Date: 9th April 2012 at 8:53pm

There was a change in formation this week as Lambert switched from the controversial 5-3-1-1 to a 4-4-1-1, with Johnny Howson playing behind Holt instead of Hoolahan – who lined up on the left.

Everton`s style of play is much different to Fulham`s that City faced last week. Instead of sitting back and forcing Norwich players to pass sideways or back with no threat going forward like Fulham did, Everton push high up the pitch and give opposition players no time on the ball. This method was used against Swansea and worked effectively, and for parts of the game yesterday it worked again – especially in the first half.

John Ruddy normally plays the ball to one of the centre backs in front of him from goal kicks, but he was forced to play the ball long as Jelavic, Pienaar and Cahill all came forward to mark Ward and Bennett. This effected how Norwich went about the game in the first half as Distin was solid and won the majority of the aerial balls.

The impressive pressing from Everton affected the passing of everyone including David Fox – who managed to make 116 passes from 125 touches last week against Fulham. This was the most in the Premier League. This week Fox was taken off by Lambert after an hour of play as it was noticeable he wasn`t having the best games and to give an extra presence up front with Holt.

This opened the door for Howson who dropped back into deep playmaker role. Interestingly enough Howson`s passing accuracy was City`s best last week with 93% after 71 passes. He impressed yet again and comfortably sprayed the ball about as Everton`s defensive line sat a little deeper after both of City`s goals had come from catching out Everton high up the pitch.

Ryan Bennett had another defensively brilliant game, but there were signs that he is still adapting to Norwich`s passing style and the hurrying of Everton`s attackers didn`t help the young defender. Fortunately this had no real effect on the match, and shows the importance of Bennett getting Premier League experience while there is nothing riding on the matches; which will put him in good stead for next season.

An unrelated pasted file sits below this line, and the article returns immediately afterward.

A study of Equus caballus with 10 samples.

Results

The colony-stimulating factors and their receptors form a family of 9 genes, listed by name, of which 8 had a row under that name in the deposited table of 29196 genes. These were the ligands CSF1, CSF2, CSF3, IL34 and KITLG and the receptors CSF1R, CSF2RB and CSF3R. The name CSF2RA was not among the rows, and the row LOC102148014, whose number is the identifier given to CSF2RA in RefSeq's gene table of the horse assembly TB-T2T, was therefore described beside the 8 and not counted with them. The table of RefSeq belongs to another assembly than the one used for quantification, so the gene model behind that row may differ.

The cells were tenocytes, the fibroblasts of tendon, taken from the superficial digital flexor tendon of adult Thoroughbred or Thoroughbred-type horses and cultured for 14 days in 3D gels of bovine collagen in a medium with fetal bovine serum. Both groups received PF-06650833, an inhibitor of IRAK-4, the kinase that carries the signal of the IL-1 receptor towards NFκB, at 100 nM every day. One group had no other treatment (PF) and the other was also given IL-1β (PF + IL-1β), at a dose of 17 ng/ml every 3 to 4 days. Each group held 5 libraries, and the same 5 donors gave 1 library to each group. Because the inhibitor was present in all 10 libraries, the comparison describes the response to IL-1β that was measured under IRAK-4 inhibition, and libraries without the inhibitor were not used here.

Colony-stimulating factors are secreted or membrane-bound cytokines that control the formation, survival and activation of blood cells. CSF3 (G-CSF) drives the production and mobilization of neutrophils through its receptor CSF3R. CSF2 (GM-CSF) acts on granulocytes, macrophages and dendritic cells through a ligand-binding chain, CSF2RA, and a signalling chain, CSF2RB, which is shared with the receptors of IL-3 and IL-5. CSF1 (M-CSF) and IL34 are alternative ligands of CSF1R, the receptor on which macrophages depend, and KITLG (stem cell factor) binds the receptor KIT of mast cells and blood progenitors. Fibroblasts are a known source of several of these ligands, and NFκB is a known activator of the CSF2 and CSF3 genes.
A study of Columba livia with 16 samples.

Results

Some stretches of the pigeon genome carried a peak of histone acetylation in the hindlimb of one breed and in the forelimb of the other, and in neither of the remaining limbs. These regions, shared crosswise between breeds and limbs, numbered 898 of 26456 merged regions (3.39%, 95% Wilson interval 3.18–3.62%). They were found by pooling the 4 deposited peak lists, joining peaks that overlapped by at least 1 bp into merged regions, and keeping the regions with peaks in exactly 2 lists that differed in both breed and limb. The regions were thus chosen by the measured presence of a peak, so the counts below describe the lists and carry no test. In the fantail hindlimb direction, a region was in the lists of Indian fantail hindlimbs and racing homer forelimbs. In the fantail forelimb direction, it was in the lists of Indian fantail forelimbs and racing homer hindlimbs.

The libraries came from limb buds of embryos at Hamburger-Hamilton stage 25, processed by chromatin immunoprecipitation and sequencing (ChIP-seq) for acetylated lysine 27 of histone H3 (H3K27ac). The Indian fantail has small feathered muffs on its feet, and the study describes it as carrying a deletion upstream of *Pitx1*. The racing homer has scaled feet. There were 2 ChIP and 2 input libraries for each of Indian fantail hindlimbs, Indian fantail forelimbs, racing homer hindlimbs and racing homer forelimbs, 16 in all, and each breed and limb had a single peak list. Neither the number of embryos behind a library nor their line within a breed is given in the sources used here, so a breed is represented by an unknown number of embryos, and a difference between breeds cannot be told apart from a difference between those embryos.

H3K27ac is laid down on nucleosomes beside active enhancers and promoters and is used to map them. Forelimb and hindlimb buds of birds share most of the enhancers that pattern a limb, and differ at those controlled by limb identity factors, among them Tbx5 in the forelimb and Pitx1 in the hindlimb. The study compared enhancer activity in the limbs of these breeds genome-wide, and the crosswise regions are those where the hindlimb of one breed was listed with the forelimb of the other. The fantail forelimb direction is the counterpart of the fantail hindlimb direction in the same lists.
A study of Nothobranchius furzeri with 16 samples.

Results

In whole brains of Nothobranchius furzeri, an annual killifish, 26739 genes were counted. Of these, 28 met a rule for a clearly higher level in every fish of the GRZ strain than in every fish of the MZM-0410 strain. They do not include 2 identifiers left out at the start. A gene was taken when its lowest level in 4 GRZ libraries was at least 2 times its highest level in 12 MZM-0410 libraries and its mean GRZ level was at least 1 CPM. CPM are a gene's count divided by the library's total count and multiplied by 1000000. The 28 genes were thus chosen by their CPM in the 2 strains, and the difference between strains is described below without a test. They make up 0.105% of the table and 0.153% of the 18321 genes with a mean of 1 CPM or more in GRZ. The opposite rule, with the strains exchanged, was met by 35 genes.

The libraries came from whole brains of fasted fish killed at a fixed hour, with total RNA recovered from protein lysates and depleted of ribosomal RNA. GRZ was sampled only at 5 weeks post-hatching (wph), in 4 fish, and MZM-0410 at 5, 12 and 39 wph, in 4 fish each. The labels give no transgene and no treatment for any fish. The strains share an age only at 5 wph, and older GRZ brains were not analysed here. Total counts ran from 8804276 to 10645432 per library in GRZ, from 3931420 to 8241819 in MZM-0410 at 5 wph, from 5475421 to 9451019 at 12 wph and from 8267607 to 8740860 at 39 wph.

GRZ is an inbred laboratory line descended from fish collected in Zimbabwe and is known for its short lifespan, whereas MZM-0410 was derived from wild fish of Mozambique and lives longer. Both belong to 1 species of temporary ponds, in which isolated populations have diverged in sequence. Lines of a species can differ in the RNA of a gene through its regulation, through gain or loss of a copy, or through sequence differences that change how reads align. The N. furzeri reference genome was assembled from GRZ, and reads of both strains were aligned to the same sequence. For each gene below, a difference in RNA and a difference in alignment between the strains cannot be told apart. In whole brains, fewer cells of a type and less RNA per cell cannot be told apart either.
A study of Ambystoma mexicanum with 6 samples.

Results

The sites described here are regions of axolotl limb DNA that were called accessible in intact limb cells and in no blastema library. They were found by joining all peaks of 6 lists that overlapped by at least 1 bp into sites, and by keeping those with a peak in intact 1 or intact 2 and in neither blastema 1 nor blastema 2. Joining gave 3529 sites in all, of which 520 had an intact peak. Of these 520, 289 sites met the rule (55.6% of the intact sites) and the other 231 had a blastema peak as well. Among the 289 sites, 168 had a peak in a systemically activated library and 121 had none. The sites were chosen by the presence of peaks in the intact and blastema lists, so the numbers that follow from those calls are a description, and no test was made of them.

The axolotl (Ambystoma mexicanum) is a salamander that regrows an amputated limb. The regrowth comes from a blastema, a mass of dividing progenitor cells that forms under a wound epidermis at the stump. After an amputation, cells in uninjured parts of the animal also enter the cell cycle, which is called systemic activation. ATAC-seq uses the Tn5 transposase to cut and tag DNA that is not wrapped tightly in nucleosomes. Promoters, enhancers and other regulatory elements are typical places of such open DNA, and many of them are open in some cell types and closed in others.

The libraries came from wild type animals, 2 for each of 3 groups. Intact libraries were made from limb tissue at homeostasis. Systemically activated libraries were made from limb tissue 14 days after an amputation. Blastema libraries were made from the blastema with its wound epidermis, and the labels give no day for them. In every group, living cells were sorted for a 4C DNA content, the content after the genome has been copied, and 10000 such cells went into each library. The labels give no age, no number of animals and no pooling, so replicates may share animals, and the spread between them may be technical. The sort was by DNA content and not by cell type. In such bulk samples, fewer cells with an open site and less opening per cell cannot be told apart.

A problem with some of Norwich`s attacking play down either wing has been no one threatening in the penalty area – this time there were four City players lined across the 18 yard line as Drury came down the left. With Everton caught high the pitch the attacking front 4 outnumbered Everton`s defence as Tony Hibbert went out to Drury and the midfield failed to get back quick enough.

A clever run from Hoolahan pulled Jagielka away from the centre leaving Distin marking both Holt and Howson on his own. As Hoolahan collects the through ball and looks up Holt then comes towards to the front post taking Distin with him. This left Baines standing in no man`s land, unsure whether move onto Howson or stay with Bennett who was behind him. This clever movement from Norwich`s attacking players meant that Howson had an easy tap in from 6 yards as he was left unmarked.

Both of Everton`s goals showed that defensive stability still isn`t there for Lambert`s side, even though it has improved in the second half of the season. The first goal was a nicely finished move by Everton, while the second was mixed with controversy. Both could have been prevented though.

A short free kick by Everton was followed by a quick interchange between Pienaar and Baines. The marking by Norwich players isn`t the best when Baines receives the ball back from Pienaar. On the left, yellow shirts are outnumbered by blue by three to two, leaving Baines room to run forward. The few seconds that Baines had to move forward meant that an unmarked Jagielka on the edge of the box could run across the box to collect a clever ball from Baines. This passage of play left the remaining defenders in the box disorientated as Jagielka put a ball across the goal for Jelavic, who`s movement was good all game, to flick into the far post out of Ruddy`s reach.

Overall an entertaining match as both teams became more open as they looked for a late winner. Johnny Howson got a lot of plaudits for his performance, and rightly so, but my man of the match would be Wes Hoolahan.

The Irish midfielder was playing on the left hand side of midfield, which is something that he struggled with in pre-Lambert days at Norwich, but he was outstanding. His work rate throughout the game meant that by the 85th minute he run himself into the ground and couldn`t give anymore, which ultimately could have cost Norwich in the end and taking him off was a good choice by Lambert. He played a role in both of City`s goals – a good ball across the 6 yard box for Howson`s tap in to shown great vision and a lovely pass over the Everton defence to put Wilbraham through on goal.